Hedge fund experts shrugged off the results of the Group of 20 meeting in London on April 2, saying the results were expected and manageable.
The G-20 industrialized and developing nations failed to deliver anything new in the way of regulations, despite widespread efforts to blame hedge funds for the global financial crisis. Instead, they adopted a vague guideline “to extend regulation and oversight to all systemically important financial institutions, instruments and markets (including), for the first time, systemically important hedge funds.”
Hedge fund experts say what's been proposed to date — manager registration and reporting portfolio data to regulators by large firms — won't be onerous.
“We know what lies ahead,” said Andrew Baker, CEO of the London-based hedge fund industry organization Alternative Investment Management Association. “It holds no great terrors for us.”
Fear is especially absent on the issue of registration, as all U.K. hedge fund managers are registered with the Financial Services Authority, and many large U.S. hedge funds are registered with the Securities and Exchange Commission.
Aoifinn Devitt, principal at alternatives consultant Clontarf Capital, London, said the key will be whether the SEC will have the resources to look into portfolios to understand what's there and have the “teeth” to enforce regulations. “Clearly these teeth were not in place up until now,” she said.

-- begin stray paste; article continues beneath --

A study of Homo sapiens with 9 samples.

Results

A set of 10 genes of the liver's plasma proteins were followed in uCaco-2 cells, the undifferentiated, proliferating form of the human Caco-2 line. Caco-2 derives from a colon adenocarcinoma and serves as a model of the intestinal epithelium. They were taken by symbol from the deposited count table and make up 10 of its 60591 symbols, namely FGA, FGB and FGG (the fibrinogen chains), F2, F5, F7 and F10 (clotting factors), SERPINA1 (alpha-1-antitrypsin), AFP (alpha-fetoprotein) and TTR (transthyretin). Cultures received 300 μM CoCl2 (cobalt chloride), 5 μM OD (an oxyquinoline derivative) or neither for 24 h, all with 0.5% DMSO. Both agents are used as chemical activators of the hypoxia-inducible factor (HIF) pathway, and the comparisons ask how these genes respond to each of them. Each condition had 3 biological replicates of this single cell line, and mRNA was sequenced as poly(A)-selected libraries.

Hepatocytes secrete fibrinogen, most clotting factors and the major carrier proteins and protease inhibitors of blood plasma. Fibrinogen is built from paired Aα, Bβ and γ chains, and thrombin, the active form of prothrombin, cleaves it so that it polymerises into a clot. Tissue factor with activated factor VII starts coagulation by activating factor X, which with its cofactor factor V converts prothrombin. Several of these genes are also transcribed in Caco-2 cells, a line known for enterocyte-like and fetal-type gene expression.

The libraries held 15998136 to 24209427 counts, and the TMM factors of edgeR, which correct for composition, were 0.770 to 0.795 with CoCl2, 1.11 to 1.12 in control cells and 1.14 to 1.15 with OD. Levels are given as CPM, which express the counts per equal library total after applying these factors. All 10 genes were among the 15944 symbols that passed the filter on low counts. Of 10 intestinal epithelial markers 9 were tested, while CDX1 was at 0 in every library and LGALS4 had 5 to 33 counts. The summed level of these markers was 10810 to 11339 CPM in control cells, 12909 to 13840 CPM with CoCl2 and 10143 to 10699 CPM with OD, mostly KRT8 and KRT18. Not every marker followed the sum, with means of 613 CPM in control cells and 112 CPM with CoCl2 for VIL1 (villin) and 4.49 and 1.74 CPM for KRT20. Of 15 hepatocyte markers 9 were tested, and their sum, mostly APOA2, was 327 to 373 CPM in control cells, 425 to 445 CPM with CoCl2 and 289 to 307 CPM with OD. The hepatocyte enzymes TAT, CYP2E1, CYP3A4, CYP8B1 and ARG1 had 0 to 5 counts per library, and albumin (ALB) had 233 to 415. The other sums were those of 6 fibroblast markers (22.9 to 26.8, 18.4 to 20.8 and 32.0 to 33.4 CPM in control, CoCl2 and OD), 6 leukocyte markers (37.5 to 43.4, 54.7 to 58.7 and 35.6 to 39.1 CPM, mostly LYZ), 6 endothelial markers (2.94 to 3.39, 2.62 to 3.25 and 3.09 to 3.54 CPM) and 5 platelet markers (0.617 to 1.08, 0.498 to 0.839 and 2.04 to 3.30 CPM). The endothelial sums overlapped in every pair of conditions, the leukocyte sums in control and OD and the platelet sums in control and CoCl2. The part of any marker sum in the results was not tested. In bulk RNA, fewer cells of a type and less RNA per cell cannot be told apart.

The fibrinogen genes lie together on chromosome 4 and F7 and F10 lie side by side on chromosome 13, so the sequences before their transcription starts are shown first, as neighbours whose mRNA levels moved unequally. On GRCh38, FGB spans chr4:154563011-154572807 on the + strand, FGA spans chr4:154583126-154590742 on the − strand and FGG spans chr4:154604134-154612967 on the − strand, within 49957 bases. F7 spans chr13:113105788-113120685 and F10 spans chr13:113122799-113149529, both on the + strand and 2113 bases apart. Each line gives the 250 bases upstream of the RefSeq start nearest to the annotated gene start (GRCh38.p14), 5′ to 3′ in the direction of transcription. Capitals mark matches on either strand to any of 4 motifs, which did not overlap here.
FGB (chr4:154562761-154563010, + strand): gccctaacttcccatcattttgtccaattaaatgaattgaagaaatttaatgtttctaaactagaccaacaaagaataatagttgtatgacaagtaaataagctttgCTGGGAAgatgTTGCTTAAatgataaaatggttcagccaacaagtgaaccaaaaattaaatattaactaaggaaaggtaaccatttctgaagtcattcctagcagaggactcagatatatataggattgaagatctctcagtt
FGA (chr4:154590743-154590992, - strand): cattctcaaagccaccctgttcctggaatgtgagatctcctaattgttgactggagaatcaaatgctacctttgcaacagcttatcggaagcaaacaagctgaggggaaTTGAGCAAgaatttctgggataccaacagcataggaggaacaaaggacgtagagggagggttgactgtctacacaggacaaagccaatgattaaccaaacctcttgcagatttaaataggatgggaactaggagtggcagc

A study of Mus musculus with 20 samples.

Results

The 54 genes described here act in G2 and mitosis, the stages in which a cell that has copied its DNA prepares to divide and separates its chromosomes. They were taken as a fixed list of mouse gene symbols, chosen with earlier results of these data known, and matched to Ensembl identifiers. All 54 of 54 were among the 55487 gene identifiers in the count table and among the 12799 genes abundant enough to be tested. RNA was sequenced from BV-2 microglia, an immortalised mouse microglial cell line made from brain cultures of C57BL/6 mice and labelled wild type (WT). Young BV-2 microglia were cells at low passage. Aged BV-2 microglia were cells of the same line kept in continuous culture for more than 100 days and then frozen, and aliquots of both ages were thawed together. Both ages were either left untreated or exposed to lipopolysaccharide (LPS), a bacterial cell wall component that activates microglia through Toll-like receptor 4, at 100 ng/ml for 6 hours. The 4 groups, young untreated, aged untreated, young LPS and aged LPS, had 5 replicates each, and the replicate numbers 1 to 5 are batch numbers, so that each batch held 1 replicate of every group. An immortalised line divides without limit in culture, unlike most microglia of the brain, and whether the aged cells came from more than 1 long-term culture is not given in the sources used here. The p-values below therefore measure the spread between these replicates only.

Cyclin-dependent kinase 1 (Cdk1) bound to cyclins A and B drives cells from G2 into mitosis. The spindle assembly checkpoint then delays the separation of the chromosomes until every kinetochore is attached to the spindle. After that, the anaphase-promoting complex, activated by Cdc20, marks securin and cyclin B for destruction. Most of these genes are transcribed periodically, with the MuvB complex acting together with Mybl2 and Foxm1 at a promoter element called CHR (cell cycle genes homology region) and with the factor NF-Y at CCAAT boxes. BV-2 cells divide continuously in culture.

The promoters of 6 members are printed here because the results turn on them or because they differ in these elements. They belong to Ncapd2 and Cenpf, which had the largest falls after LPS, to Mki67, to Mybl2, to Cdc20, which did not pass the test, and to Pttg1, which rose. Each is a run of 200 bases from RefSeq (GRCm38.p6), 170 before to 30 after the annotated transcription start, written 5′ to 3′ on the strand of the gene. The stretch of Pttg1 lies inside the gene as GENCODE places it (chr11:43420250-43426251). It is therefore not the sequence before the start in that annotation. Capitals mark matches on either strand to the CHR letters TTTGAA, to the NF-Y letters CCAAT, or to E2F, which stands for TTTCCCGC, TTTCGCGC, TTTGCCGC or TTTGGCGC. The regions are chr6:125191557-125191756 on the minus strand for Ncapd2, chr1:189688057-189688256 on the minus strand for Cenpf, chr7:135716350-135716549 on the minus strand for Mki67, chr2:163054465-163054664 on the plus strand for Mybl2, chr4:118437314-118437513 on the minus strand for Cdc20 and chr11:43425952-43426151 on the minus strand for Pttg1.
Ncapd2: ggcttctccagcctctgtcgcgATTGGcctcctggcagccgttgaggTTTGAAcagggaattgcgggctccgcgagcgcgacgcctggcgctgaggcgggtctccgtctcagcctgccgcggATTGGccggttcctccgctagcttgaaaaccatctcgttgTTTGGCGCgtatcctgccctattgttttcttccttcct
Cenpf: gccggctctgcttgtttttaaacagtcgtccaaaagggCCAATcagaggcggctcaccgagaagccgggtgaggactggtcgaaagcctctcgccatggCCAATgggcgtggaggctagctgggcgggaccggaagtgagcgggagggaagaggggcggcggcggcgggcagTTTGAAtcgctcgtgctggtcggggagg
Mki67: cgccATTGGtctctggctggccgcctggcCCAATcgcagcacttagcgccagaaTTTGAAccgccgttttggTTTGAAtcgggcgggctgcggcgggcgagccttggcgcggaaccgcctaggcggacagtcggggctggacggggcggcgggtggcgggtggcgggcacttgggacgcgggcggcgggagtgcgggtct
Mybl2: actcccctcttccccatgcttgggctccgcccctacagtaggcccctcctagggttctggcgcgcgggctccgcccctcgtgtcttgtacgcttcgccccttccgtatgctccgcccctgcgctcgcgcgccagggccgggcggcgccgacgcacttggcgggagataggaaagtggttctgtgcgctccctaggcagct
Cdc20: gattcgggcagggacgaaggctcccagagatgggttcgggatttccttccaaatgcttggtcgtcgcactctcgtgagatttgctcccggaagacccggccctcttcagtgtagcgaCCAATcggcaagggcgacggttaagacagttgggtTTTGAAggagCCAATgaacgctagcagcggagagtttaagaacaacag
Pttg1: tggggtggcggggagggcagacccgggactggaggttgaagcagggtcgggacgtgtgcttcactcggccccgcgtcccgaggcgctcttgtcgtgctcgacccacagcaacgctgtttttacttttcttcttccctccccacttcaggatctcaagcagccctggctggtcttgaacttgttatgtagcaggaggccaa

“The FSA has been regulating all U.K. hedge funds from day one,” agreed David Stewart, CEO of Odey Asset Management, London, which manages $4 billion in long-only multiasset and hedge fund strategies. “It's not clear to me that's what the SEC has done.”
Providing regulators with portfolio data also isn't much of a concern.
“I don't think hedge funds will resist transparency, provided they feel their competitors won't find out” the information submitted to regulators, Stephen Oxley, London-based managing director at Pacific Alternative Asset Management Co., said in an interview. “Confidentiality clearly will be a big part of that.” PAAMCO manages $9 billion in hedge funds of funds for institutional clients.
But Mr. Oxley said it's not clear whether regulators will know what to do with the information they receive from hedge funds.
“We have always insisted on position-level transparency from all our managers,” Mr. Oxley said in a follow-up e-mail. “Modeling and analyzing these data is a huge task requiring considerable resources and skills.”